January 4, 2014 by Sarah
There really wasn’t supposed to be a part II, but then
we I decided we needed to add more work and misery to our lives and tear the place down to the studs. (see part I here)
about 1/8th of the debris the walls made:
If you follow us on FB then you may have seen the video of Adrian knocking down one of the walls that was posted awhile back. The walls actually came down pretty easily with a hammer and a crowbar, but it was a horrible dusty mess and now our entire house is covered in dust.
That definitely so wasn’t the plan, but whatever it ended up being the best option for us. The original plan was to keep all the walls intact until I got to thinking that I needed to have a larger window over the sink.
..so we bought a new window about double the size–a 48in x 34in Jeld-Wen aluminum clad wood window from Menards for $240.
The small window just didn’t look right next to the other massive windows in the kitchen. It was definitely not original to the house so I didn’t feel bad replacing it. We decided to go ahead and hire this one out–it’s winter and it would probably take us 5 times as long to do it ourselves.
Clayton from Verus Builders came highly recommended from others in the neighborhood and I was really impressed with his willingness to help (in sub-zero temps nonetheless) and he even gave us some extra advice on the remodel. If you are planning on having some work done on your house I would definitely recommend Verus Builders. You can check out their website here, or log on to FB and ‘like’ their page for future reference here. Just look at some of the awesome stuff they have done:
Clayton actually suggested we tear out the whole north wall since most of it would need to be torn out anyway with the install of the new window. I’m glad we did tear it all out, because the cellulose insulation in the walls was spotty at best. There were even entire bays that had nothing (Idiots).
Completely unfilled above and below all the windows.
The walls in the kitchen were not in the greatest shape as far as cracks, gouges, and chipped paint anyway so we decided to just tear down the rest of the walls and start from scratch. In the long run I think it will be less work for a nicer looking wall.
We had actually been scheduled to have the floors redone a few days after I decided I needed to have this new window, so at the time I feverishly and desperately called Clayton to come out have a looksee at our window quickly before the floor guy came, and he said it would be a good idea to push the floor off until later otherwise there would be a risk of messing them up…something I failed to think through properly at the time..um duh. So fast forward to basically the coldest day ever when this happened:
I am not sure we would have hired out for a window installation if it wasn’t a stucco house. I have seen Tom Silva install quite a few windows in my day but never on a stucco house. I really don’t want to fuck it all up..i just keep imagining myself trying to saw through the stucco and then an enormous chunk flies off and there is a gaping hole into my house for all the feral cats to retreat from snow storms. I do enjoy the company of a good cat or two but that would be a bit much.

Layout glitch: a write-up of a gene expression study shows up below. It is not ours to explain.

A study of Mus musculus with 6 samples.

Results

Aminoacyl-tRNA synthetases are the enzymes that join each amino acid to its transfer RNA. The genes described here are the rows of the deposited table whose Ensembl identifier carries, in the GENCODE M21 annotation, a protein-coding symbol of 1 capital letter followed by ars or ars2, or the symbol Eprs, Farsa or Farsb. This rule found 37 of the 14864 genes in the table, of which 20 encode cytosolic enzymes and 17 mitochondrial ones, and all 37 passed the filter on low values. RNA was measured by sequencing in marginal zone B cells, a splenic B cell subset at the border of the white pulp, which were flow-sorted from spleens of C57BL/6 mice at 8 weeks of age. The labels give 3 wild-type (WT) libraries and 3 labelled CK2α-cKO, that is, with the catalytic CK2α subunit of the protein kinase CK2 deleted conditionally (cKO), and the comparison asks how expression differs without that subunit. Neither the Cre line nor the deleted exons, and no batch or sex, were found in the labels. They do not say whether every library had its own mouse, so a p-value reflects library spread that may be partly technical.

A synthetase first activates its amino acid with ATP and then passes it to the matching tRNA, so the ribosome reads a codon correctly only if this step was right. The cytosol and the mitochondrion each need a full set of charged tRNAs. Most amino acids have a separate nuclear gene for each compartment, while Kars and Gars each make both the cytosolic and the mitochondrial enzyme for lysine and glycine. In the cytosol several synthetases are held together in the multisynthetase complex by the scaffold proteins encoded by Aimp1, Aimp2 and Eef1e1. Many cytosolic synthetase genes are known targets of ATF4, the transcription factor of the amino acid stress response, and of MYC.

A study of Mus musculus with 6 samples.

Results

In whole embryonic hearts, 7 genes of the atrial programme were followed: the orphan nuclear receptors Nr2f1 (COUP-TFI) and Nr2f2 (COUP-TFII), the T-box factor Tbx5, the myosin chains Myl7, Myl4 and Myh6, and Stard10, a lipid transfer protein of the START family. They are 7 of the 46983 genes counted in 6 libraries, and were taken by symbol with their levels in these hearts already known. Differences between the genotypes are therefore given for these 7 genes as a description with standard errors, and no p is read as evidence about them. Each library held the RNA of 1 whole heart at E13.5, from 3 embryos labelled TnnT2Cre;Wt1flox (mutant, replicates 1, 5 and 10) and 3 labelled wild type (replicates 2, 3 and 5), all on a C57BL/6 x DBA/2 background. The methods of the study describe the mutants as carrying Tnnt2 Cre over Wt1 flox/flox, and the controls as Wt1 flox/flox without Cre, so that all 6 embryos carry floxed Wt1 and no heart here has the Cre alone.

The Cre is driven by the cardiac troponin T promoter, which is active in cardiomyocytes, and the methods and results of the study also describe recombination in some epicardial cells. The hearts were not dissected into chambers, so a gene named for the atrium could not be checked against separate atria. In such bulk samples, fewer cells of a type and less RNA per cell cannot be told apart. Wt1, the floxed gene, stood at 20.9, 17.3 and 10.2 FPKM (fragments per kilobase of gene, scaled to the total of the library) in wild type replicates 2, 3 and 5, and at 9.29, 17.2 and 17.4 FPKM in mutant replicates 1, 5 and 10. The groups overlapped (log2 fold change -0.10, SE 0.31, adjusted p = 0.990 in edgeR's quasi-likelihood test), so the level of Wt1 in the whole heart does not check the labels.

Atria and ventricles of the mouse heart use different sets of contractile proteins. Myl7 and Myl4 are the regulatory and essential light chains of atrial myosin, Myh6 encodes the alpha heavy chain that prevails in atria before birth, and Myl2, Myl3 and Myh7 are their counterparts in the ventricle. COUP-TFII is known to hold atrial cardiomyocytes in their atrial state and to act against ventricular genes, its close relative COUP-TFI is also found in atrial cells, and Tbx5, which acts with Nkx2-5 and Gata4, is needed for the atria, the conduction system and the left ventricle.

The window came unfinished on the interior so it needs to be painted. I am thinking about taking a risk and painting the sashes black but I think it might be too trendy??
Source: Feldman Architecture
Source: Apartment Therapy
My rational is that it would go well with the oil rubbed bronze knobs and pulls. I figure it is only paint and I could always repainted it if I don’t like it, right?
We didn’t have the funds to get a custom window done, so I am considering building some faux ‘mullions’ to match the 4 over 1 windows in the rest of the house. Like these people did:
Source: Design Sponge
While Clayton was here taking care of the window situation, we had him frame out the wall for the vent hood over the cooktop as well.
We will have to cut the hole for the vent ourselves. I am slightly nervous about this (Again, with the stucco and the feral cats and the mice and the rabies infested bats, etc.) but hopefully it won’t be too bad.
While we are at it, we are going to hire out for a bit of plumbing and electrical work that is above our skill level. We will end up doing about half of it ourselves, but I really do not care for anything involving the possibility of getting electrocuted or releasing copious amounts of sewer gases and water into our home. The electrical should be done by the end of next week, and then we can start putting the walls back up. wooooooooooot.
This is the most hiring out we have ever done, but this is also the biggest project we have taken on in the history of ever so I am trying not to beat myself up about it. There is still plenty of crap that we will tackle ourselves including insulation, drywall, assembling and installing the cabinets, trim/molding, countertops, and appliances, a buttload of tiling, and more that I can’t think of right now.
I am in love with my new window. It’s so amazing how much lighter and brighter the room looks and I can actually see my back yard now. I just need to get that huge pile of lath cleared out and the back staircase torn down and I’ll have a fully unobstructed view
What do you think about our new window? Was the larger window a good idea? What about all the hiring out?? Are we the worst DIYers ever or do you think it is reasonable to hire a few things out? Any bets on how long it will take us to complete the kitchen?